With government incentive and mandates driving the adoption of EHRs over the past couple years, the effects of these systems are starting to be observed, measured, and studied. Most outcomes of EHR adoption have been positive, but there have been a few drawbacks and obstacles in attempting to maximize their positive impact.

At the academic level, EHRs have added an increased layer of complexity to the teaching process at medical schools, a recent Oregon Health and Sciences University study suggests. The study, published in this month’s edition of Teaching and Learning in Medicine, focused on OHSU clinical teaching faculty that directly taught students while using their EHR system called Epic Care.

The research team surveyed the faculty in 2009 to determine how Epic Care, which was fully implemented by 2008, impacted their enthusiasm for teaching. The survey found that while over 70 percent of respondent were conformable using the system, a majority of the faculty agreed with the statement, “Epic Care distracts me from teaching students.” Less than one-third of the study’s respondents said the EHR offers advantages for teaching.

Another possible effect of EHR adoption on the healthcare industry could be its impact on hospital staffing. EHR systems often come with automated processes that could allow hospitals and providers to cut staff that currently performs these tasks manually.

A study from the University at Texas in Houston focused on how the number of EHR applications a hospital used impacted the amount of staff necessary to care for patients. The study’s findings published an article in the Journal of the Healthcare Financial Management Association said that for the most part hospitals in the study showed lower levels of efficiency per EHR application used. The authors theorized that the reason for this could be health records systems that are not fully paperless or not sufficiently customized to meet the needs of each particular hospital.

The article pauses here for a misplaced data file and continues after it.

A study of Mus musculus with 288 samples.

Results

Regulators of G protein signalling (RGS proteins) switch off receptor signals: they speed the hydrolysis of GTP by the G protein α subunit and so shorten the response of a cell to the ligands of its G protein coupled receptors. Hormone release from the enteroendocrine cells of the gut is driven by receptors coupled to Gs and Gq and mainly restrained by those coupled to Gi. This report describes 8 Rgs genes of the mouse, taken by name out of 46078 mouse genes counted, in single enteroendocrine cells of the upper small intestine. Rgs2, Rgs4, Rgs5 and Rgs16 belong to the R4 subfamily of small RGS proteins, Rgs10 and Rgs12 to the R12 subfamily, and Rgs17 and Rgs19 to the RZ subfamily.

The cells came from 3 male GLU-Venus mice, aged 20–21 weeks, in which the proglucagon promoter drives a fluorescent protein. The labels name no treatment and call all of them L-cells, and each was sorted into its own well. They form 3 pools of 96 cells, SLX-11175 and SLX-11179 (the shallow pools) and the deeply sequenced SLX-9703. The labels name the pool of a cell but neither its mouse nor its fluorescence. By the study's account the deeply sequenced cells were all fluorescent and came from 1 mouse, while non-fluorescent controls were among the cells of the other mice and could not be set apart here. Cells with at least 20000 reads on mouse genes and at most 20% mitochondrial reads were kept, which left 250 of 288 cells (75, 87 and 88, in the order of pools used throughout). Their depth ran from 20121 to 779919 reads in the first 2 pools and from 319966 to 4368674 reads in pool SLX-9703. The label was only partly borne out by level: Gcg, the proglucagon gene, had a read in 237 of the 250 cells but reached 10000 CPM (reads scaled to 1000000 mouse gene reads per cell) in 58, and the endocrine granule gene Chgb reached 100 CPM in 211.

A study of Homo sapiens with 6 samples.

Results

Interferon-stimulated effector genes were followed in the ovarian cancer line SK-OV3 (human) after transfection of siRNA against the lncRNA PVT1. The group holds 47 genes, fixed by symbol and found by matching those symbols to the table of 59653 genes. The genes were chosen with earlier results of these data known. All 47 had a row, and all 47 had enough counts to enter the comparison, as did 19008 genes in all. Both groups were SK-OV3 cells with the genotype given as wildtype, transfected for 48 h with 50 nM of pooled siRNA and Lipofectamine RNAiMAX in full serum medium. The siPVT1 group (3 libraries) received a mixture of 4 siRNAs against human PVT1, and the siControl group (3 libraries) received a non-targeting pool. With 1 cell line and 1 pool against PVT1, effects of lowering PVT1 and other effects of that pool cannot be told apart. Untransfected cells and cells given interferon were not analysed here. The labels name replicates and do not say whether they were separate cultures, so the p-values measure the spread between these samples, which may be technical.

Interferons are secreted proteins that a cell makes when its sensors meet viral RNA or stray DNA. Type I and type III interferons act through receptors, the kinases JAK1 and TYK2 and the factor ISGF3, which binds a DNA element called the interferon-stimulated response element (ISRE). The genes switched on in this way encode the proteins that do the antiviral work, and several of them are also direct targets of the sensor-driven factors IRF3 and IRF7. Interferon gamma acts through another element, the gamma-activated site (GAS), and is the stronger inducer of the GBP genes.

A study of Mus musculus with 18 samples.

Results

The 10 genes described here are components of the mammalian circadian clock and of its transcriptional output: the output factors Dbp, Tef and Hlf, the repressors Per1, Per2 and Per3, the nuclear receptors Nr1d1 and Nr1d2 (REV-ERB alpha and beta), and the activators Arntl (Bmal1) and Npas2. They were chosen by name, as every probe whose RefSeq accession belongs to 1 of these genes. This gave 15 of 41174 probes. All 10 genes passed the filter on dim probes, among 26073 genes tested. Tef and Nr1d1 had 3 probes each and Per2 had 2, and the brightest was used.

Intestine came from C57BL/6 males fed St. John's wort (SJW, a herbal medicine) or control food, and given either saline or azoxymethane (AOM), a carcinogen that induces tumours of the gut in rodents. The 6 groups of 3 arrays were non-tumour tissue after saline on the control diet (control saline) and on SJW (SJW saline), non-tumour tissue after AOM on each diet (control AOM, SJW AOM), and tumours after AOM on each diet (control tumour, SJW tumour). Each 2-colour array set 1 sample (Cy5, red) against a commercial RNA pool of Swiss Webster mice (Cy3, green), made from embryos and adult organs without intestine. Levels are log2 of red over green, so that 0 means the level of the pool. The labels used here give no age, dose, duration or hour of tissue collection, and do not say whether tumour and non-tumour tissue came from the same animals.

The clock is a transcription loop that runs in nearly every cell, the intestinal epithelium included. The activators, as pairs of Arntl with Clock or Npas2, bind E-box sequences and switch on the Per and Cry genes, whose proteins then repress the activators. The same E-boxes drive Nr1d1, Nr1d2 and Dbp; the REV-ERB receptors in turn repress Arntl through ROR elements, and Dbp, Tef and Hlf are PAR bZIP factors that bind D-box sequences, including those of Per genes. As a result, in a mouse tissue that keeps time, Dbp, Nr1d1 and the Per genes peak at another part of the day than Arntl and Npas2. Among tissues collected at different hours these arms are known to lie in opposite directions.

“(W)e found that only with clinical decision support, lab information, and quality/outcome management systems was… staffing below the average for all study hospitals by a statistically significant margin,” the article said.

Another case study in Arizona pointed to a provider that was able to save significantly through the automation of certain processes.  LaShonza Alexis, the billing supervisor at Drs. Goodwin & Partridge, OB/GYN, said her employer boosted bottom-line revenues by 26 percent.

In an article published in the February edition of Health Management Technology, Alexis described how 26-physician, seven-provider Drs. Goodwin & Partridge specialty practice was able to cut expenses by more than $1.5 million.

“Much of the cost savings the practice has realized can be traced to a reduction in paper costs and transcription fees, but it also comes from greater efficiencies at each practices offices,” she wrote.

“For example, multiple providers can work in the same chart at once, all offices share the same chart information and real-time billing is available for instant analysis.”

Alexis also mentioned that her practice was able to eliminate some of the labor needed when using a paper-based records system. Drs. Goodwin & Partridge used to employ four full-time in-house transcriptionists who were paid $31,000 annually and chart runners who were paid $20,000.